With it, she was fearless but not reckless. She became very cautious, in fact, because she now had this huge edge and she didn't want to blow it by doing something stupid.
She managed to get her hands on two more artifacts -- another SEP device and a phase gun. The phase gun could be used to take the wielder out of phase with reality, at which point they became intangible, desolid, and immune to all attacks from people who were in phase. It also fired disrupter beams, wide beams of fluid golden energy that would scramble whatever they hit into tiny bits, half in phase and half out, effectively annihilating the target.
She gave the other SEP device to another resistance fighter, and the phase gun to a third. They found out about a weakness in the SEP device now: it only worked if the holder acted like it was going to work. If they were trying to be sneaky and skulked in shadows, it wouldn't make them go unnoticed, and if they were trying to dodge attacks, it wouldn't make the attacks miss. The new woman who got one didn't have confidence that it would work, so when she tried to sneak past the enemy with it, it didn't work and she got killed.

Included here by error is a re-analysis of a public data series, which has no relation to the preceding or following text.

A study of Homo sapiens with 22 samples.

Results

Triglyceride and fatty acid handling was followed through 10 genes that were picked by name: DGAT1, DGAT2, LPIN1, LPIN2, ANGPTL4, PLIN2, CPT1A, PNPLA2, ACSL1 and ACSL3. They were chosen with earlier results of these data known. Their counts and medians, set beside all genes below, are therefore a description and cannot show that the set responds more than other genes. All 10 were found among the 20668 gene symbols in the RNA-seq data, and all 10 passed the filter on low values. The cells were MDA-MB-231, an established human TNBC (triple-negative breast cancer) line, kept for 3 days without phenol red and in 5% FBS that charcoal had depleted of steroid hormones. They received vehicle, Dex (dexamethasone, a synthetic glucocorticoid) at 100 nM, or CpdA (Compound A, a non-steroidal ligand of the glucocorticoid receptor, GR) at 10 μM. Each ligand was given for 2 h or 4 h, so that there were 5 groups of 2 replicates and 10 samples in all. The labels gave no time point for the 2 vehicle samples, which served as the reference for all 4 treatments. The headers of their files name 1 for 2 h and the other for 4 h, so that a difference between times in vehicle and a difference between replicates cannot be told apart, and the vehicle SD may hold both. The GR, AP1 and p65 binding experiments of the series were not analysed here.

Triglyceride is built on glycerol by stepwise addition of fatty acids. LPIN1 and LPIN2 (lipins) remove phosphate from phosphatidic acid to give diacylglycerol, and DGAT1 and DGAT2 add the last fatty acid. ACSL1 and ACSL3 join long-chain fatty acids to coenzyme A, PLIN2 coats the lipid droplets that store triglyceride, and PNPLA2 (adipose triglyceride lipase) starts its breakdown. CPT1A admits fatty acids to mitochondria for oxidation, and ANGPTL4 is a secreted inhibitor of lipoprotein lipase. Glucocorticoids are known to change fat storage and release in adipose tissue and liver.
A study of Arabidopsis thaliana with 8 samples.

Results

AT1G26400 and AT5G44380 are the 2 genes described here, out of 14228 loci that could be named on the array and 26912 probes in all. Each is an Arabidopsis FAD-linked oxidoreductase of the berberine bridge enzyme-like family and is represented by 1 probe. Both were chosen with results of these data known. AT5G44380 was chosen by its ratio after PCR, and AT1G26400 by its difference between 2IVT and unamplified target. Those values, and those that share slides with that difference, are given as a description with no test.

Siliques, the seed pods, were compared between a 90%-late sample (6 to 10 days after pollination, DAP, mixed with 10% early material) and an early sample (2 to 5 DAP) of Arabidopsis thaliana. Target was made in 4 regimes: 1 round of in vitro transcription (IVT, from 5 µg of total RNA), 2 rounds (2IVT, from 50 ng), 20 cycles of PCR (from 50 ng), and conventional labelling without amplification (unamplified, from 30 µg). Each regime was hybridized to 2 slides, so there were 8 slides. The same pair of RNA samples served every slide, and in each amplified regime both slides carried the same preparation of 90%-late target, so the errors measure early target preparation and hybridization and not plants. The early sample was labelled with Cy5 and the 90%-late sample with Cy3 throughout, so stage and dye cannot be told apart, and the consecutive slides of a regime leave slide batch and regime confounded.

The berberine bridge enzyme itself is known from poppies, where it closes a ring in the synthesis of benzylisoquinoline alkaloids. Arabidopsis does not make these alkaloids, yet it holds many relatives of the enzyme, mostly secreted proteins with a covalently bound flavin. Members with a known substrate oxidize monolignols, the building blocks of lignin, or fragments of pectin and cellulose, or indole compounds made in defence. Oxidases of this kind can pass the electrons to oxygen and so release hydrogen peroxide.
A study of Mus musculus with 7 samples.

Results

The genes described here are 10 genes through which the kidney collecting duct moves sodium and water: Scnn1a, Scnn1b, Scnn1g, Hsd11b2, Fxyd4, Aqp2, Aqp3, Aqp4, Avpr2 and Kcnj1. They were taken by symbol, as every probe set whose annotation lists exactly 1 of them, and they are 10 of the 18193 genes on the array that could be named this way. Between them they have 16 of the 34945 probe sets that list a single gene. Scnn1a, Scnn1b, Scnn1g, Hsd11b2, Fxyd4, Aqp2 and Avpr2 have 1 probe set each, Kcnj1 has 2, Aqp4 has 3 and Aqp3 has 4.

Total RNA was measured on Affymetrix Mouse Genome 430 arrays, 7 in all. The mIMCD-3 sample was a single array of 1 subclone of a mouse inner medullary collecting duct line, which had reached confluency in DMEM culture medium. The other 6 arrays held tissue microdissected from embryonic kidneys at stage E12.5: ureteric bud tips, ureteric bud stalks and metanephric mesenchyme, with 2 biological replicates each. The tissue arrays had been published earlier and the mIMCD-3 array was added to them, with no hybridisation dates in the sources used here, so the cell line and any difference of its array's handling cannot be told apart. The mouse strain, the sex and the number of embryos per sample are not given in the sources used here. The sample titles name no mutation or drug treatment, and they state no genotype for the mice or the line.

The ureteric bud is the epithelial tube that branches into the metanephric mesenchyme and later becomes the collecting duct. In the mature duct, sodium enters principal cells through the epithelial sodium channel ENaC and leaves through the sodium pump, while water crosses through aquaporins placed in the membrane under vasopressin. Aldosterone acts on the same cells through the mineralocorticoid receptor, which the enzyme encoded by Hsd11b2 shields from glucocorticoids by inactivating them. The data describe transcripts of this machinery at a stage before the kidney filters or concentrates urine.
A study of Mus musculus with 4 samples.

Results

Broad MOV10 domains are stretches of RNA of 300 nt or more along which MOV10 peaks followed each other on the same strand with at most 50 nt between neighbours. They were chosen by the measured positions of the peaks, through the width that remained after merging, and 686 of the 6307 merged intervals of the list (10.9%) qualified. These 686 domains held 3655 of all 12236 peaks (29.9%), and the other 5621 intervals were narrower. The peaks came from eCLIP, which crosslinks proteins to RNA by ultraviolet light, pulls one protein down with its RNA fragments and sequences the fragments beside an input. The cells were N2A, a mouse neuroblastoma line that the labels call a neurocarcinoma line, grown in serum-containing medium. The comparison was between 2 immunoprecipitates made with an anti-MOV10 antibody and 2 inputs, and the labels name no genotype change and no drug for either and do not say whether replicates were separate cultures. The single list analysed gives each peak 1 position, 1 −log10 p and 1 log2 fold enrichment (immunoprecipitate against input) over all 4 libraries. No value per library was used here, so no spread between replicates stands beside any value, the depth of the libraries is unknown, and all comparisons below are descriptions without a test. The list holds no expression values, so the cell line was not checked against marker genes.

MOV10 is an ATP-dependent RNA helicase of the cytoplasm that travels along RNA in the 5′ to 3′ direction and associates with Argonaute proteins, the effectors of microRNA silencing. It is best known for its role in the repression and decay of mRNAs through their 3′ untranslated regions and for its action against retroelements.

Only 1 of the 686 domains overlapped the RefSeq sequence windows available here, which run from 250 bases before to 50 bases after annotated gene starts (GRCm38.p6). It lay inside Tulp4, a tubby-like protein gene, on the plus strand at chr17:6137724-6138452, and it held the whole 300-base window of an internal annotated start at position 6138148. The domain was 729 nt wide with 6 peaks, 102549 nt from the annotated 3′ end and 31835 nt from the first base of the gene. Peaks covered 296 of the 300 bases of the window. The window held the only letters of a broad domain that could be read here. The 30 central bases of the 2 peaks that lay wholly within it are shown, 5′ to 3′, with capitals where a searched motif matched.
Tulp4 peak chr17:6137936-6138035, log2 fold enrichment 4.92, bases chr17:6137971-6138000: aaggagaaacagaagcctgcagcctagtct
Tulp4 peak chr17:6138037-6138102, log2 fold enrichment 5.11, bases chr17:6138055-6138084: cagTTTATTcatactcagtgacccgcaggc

I remember thinking at this point that the phase gun was a better tool, because it was more predictable and provable. You could tell that you were invisible and intangible with it, you didn't need to have faith that magically no one would pay attention to you.
Then the person with the phase gun shot at someone with an SEP device, and the SEP device deflected the disrupter beam back at the shooter. Since the disrupter beam worked by scrambling phases, it worked on the out-of-phase shooter and killed her.
I think the moral of this story is "If you have two deus ex machina devices, keep both: one might not be enough." Or possibly, "don't get involved in violent conflicts."